A Twitter gif of some over-the-top gore put me onto this obscure and “notorious” nasty and it rocketed to the top of my list. Brigade des moeurs or Bridge of Death or Death Brigade (as I’m going to refer to it going forward) is a little French thriller with some bold moments.
Hitting in the 80’s, instead of the 70’s as I thought it might have, Death Brigade does its heavy lifting at the start and end of the film. The film has little to recommend in the middle as the plot becomes stretched and there are fewer attempts to maintain the edgy and dark approach.
The film opens with an eye widening sequence involving unexpected nudity, followed up by a continuation of said nudity, be it with a more subdued tone before visiting a tastefully filmed adult film set. This is followed by a rather tense mid-film sequence involving a broken bottle and a young lady who has some information extracted forcibly. Lastly the climax sees some over the top violence against a posse of men looking to take down the leading villain, limbs come off and hatchets are buried… deep in craniums.
Each of these sequences feels unnecessary to the story as a whole and really feels added to increase the film’s notoriety. All are shot in a way that the more violent elements can be removed from the film if necessary as there is nothing pivotal to the plot. Makes you think that perhaps there are other moments that had nastier alternative takes and they didn’t make the cut for release.
The plot is simple, a cop, Thierry de Carbonnières, takes some vacation time whilst dealing with a troublesome case and exercises some vigilante justice. Very standard stuff, however, typical elements are jazzed up in an attempt to make things more controversial and gain headlines. Murdered prostitutes are actually Transsexual prostitutes. The seedy bars where the villain hangs out aren’t just seedy bars, they are gay bars. The damsel in distress isn’t just tied up and threatened, she is tied up and threatened in her underwear. So many simple tropes have a little extra spice added to make things stand out a little more than the other films that carry this routine story-line.
Performances are still quite good, and whilst de Carbonnières is a little lacklustre and the villain is ridiculously over the top the support cast has a much more interesting time. Confusingly there are three leading ladies who have relationships with de Carbonnières. De Carbonnières is somewhat lightweight and forgettable, if you were to compare his to Mel Gibson, who’s character of Max in Mad Max has a similar story arc, de Carbonnières really had little impact on the audience. Jean-Marc Maurel, however, plays like he is a villain in a cartoon with vastly over exaggerated facial expressions and delivery, he’s hard to watch at first and… doesn’t get easier as it goes on.
Thankfully these are offset by a collection of decent performances by the victimised females and background character actors. Lillemour Jonsson, Manault Didier and Gabrielle Forest are linked to de Carbonnières in differing ways and show him up. Olivia Dutron is also notable as de Carbonnières’s sister, however, you know that the female cast members are all on borrowed time as the villains whittle them down and push de Carbonnières to take the law into his own hands. Each one gives an honest performance and feels realistic. Additionally, Christian Barbier playing the commissioner approaches the role with a subdued temperament and gives us a likeable character amongst the horror.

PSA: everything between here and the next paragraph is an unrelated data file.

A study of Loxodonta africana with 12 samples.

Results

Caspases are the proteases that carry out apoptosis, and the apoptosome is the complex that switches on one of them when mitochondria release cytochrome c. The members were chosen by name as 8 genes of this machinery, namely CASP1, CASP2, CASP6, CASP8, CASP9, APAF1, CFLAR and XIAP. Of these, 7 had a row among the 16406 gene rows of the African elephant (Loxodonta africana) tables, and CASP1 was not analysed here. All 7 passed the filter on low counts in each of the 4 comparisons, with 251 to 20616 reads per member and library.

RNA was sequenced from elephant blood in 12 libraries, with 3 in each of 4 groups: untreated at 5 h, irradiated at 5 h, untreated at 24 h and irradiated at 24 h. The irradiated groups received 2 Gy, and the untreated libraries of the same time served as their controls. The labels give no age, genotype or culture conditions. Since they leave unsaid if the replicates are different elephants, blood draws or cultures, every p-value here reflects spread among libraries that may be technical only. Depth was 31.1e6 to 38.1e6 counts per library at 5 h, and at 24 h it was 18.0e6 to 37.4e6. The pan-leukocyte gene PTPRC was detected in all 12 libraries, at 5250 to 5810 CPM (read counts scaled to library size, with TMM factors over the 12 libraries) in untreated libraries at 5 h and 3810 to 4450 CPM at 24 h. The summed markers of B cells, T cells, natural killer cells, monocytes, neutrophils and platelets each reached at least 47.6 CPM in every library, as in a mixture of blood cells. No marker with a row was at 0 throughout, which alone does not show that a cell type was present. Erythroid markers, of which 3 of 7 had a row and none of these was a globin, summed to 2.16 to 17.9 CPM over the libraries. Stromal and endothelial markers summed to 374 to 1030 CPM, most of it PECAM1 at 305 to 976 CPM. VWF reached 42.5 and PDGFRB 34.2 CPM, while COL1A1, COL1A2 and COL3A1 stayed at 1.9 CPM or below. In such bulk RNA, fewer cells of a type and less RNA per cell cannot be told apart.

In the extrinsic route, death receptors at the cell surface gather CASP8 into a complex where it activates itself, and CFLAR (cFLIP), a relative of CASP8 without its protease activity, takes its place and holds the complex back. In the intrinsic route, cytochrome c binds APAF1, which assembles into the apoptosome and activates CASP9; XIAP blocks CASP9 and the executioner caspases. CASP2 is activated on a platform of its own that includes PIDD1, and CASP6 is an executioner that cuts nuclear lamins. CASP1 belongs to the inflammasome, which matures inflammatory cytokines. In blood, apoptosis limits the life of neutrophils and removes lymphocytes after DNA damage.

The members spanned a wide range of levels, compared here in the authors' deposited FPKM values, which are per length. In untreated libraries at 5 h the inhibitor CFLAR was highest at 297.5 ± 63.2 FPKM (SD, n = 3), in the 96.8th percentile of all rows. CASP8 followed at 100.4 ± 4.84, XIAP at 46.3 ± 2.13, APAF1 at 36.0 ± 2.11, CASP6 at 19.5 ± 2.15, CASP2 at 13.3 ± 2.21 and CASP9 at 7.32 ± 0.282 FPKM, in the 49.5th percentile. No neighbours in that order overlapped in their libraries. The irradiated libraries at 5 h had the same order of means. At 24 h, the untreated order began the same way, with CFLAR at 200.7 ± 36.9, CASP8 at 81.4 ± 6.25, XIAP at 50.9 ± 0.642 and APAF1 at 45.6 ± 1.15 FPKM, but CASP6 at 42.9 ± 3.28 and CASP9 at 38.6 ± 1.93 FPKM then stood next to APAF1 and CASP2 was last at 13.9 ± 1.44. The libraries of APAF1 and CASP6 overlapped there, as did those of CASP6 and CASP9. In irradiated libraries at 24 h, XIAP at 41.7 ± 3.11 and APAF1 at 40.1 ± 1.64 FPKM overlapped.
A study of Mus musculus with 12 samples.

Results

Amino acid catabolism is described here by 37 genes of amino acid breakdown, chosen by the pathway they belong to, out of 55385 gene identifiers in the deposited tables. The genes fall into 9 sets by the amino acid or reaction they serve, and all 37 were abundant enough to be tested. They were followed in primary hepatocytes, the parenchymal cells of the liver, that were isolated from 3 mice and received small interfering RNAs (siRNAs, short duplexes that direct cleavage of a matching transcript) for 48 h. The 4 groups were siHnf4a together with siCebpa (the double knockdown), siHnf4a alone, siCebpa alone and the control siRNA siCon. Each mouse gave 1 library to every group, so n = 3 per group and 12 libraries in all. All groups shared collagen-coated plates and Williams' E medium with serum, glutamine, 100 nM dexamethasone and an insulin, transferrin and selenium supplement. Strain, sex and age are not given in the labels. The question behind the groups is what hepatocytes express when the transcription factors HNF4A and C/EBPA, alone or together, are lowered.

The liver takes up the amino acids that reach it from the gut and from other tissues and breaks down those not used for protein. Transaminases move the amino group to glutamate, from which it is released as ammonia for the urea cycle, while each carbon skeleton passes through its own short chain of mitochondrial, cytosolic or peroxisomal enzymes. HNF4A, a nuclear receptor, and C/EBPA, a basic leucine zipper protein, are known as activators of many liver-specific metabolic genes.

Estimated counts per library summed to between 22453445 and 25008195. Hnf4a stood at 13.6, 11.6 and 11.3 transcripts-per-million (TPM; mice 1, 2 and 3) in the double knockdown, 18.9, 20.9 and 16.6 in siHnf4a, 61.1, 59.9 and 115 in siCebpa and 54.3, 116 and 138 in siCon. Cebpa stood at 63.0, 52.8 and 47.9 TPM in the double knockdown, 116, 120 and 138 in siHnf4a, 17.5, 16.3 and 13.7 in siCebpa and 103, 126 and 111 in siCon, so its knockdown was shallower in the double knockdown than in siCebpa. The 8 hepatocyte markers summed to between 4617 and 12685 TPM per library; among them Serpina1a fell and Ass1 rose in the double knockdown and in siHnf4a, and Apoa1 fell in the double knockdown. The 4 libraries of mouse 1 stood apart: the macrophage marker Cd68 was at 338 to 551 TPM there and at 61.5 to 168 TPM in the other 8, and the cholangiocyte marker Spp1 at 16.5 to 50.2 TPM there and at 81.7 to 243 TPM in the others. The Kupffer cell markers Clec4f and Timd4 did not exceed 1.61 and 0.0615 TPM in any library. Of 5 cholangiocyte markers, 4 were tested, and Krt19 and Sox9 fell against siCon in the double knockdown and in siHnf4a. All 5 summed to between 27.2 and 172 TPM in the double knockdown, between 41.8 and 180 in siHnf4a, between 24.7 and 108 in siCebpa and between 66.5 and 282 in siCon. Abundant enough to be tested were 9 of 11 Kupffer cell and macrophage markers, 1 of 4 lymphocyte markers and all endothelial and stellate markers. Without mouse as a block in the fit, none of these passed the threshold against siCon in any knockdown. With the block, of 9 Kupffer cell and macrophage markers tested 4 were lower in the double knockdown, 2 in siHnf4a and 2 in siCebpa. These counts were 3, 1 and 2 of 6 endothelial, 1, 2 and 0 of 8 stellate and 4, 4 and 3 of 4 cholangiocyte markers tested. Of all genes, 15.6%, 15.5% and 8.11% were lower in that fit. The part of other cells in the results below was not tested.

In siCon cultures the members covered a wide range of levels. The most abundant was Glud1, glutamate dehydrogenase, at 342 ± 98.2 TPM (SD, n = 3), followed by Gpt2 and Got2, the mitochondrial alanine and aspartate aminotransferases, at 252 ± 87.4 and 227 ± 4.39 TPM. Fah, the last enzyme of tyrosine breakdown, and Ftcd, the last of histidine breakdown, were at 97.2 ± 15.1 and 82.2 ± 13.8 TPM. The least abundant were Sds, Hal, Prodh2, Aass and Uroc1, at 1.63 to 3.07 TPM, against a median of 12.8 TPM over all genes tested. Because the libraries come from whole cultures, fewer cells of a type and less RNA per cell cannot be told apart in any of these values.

French adult film star Brigitte Lahaie pops up in a smaller role and proves to give one of the film’s better performances. I’m not sure if she was trying to move on from adult work at the time or this was another tactic for notoriety, but it’s interesting to see her in a… clean role. She is good and the film certainly benefits from her presence.
The film is directed by Max Pécas, who has a lengthy directorial filmography, however, it consists of a lot of French softcore comedies, featuring a lot of the cast of Death Brigade. He does a decent job here and keeps the action tight and film moving. Pécas and his son, who also served as editor, wrote the script with Roger Le Taillanter.
Death Brigade does sell itself on grimy characters and their reckless disregard for human life. However, the film’s world feels pretty clean. The film doesn’t use the opportunity to peek into a dirty and sleazy Parisian underworld. The gay bar looks quite chic, the villian’s hideout is a functional motorcycle garage. The climax uses a new-ish, large factory with all manner of pipework and clean concrete stairs. These aren’t dank, damp ridden, abandoned hovels. In short, the gritty city doesn’t feel so gritty.
This isn’t all it’s cracked up to be. I’m sure there is a very tame version out there with violence trimmed out and that would be totally unremarkable and dull. The violence is needed to keep the film interesting, yet, really isn’t enough to make this any more than a thriller to find and experience once and certainly not one you will return to.
There really is only one poster with an abundance of differing title translations.
Brigade of Death is available from Amazon in the UK on Blu-ray as Todes Brigade imported from France. It’s not the cheapest.